Training: Forensic Identification of Human Skeletal Remains 


Dates & Locations

UNH Police Dept. Class





Competent recovery and analysis of human remains is an essential component of death investigations.  Archaeological field excavation methods can be adapted for various outdoor recoveries involving decomposed, mummified, burned, or otherwise compromised human remains. 

This is a two-day course focused on the identification of human skeletal remains in a field-based setting. The first day will consist of hands-on instruction in a classroom where participants will handle skeletal remains in a working forensic anthropology laboratory. Basic human osteology and human/non-human bone identification will be reviewed, as well as a special focus on basic trauma analysis (e.g., blunt force, sharp force, gunshot wound, burning). 

The second day will be field based where participants will work in teams to excavate mock burials using proper archaeological equipment and documentation methods. Care will be taken to interpret each mock burial in forensic and environmental context. Topics of discussion and training will include:

  • Basic elements of the biological profile (estimation of age, sex, stature, etc.)
  • Human/non-human bone identification
  • Interpretation of traumatic injury to the skeleton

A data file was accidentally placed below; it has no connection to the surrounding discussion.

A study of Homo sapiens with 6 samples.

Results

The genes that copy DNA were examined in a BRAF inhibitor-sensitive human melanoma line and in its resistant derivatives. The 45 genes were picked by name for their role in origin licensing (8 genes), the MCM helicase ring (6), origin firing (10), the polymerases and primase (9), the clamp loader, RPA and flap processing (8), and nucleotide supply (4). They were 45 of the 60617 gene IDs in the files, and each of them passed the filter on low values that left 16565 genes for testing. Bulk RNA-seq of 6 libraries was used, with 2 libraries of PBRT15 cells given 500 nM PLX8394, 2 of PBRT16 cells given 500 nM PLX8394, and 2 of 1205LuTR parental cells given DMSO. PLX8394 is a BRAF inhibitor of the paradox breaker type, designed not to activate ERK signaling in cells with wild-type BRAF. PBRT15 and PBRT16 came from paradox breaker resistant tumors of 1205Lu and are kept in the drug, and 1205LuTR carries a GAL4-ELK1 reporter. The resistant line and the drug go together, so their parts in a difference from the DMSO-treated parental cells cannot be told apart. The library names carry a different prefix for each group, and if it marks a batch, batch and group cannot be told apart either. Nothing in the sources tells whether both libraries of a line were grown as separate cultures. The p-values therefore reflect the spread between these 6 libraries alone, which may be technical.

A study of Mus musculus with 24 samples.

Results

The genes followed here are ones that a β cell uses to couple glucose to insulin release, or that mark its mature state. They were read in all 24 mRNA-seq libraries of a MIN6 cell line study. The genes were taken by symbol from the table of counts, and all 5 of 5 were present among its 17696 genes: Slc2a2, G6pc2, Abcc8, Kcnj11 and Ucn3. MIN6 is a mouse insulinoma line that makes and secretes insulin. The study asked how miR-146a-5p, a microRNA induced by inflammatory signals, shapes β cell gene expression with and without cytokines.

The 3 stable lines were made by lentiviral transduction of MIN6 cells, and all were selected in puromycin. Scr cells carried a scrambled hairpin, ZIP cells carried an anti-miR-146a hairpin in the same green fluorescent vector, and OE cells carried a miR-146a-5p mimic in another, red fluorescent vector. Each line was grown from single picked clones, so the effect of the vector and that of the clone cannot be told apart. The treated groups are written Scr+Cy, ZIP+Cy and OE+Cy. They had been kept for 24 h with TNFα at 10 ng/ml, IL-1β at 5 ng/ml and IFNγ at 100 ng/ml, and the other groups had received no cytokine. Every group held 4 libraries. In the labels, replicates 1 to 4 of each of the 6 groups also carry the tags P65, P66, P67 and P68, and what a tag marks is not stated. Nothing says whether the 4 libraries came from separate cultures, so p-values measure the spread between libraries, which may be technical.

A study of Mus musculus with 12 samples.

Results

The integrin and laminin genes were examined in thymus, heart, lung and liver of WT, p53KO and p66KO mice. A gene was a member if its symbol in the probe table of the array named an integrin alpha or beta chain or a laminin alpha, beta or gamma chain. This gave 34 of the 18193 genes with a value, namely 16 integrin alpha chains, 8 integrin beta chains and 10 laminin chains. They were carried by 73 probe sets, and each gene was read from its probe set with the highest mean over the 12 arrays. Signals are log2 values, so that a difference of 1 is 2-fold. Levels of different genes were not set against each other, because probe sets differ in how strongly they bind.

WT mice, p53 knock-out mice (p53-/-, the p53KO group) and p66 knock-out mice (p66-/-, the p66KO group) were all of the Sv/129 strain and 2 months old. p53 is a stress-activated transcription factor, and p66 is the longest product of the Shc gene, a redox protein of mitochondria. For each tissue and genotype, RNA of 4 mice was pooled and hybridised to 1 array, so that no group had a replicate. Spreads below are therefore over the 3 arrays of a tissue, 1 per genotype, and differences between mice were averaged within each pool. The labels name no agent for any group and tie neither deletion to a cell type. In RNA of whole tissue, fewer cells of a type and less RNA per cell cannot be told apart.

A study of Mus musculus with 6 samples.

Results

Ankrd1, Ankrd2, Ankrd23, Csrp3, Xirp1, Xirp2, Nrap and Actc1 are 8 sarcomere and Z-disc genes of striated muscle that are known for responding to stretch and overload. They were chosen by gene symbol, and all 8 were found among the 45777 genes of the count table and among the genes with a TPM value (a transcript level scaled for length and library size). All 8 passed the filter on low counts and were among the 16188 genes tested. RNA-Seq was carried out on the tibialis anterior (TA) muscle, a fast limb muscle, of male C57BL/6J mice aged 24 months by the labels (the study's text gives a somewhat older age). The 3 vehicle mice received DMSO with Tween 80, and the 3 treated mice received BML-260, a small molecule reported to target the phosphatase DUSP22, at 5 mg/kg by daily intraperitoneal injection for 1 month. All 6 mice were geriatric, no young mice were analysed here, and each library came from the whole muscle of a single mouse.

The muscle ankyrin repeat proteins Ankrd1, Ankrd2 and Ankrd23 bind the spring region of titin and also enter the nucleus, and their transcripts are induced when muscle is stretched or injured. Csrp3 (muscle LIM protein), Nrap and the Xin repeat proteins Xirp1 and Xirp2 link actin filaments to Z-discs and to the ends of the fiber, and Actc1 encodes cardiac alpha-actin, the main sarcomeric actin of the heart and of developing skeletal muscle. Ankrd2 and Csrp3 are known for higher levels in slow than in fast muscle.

• Postmortem interval (“time since death”) effects on the human skeleton
  • Northern New England specific environmental alterations to bone
  • Excavation methods/identifying remains in the field

Instructor: Dr. Amy Michael is a biological anthropologist and the Director of Forensic Anthropology Identification and Recovery (FAIR) Lab at the University of New Hampshire.  Her interests include collaborative and novel approaches to resolving cold cases, forensic search and recovery methods, and interpretation of skeletal and dental microstructure in forensic cases. She received her Ph.D. in Anthropology from Michigan State University in 2016 and has worked on archaeological projects in the U.S., Albania, and Belize. To date, Dr. Michael has been involved in 100+ forensic cases ranging from human/non-human bone identification to full exhumations and complex field recoveries. She has worked at UNH since 2018 and has partnered with New Hampshire State Police, DNA Doe Project, historical societies, and more to analyze unidentified human remains. 


Cancellation & Refund Policy

GSPCC has a 10-day cancellation policy. Any cancellations less than 10 days from the class start date will not be refunded. Because seating in our courses can be limited, we ask that all cancellations be made at least 10 days prior to the class start date.

We understand there may be exceptions due to unforeseen serious events. If your cancellation is due to a serious issue and is not within 10 days of the first day of the class, GSPCC staff will evaluate the circumstances and work with you on a refund.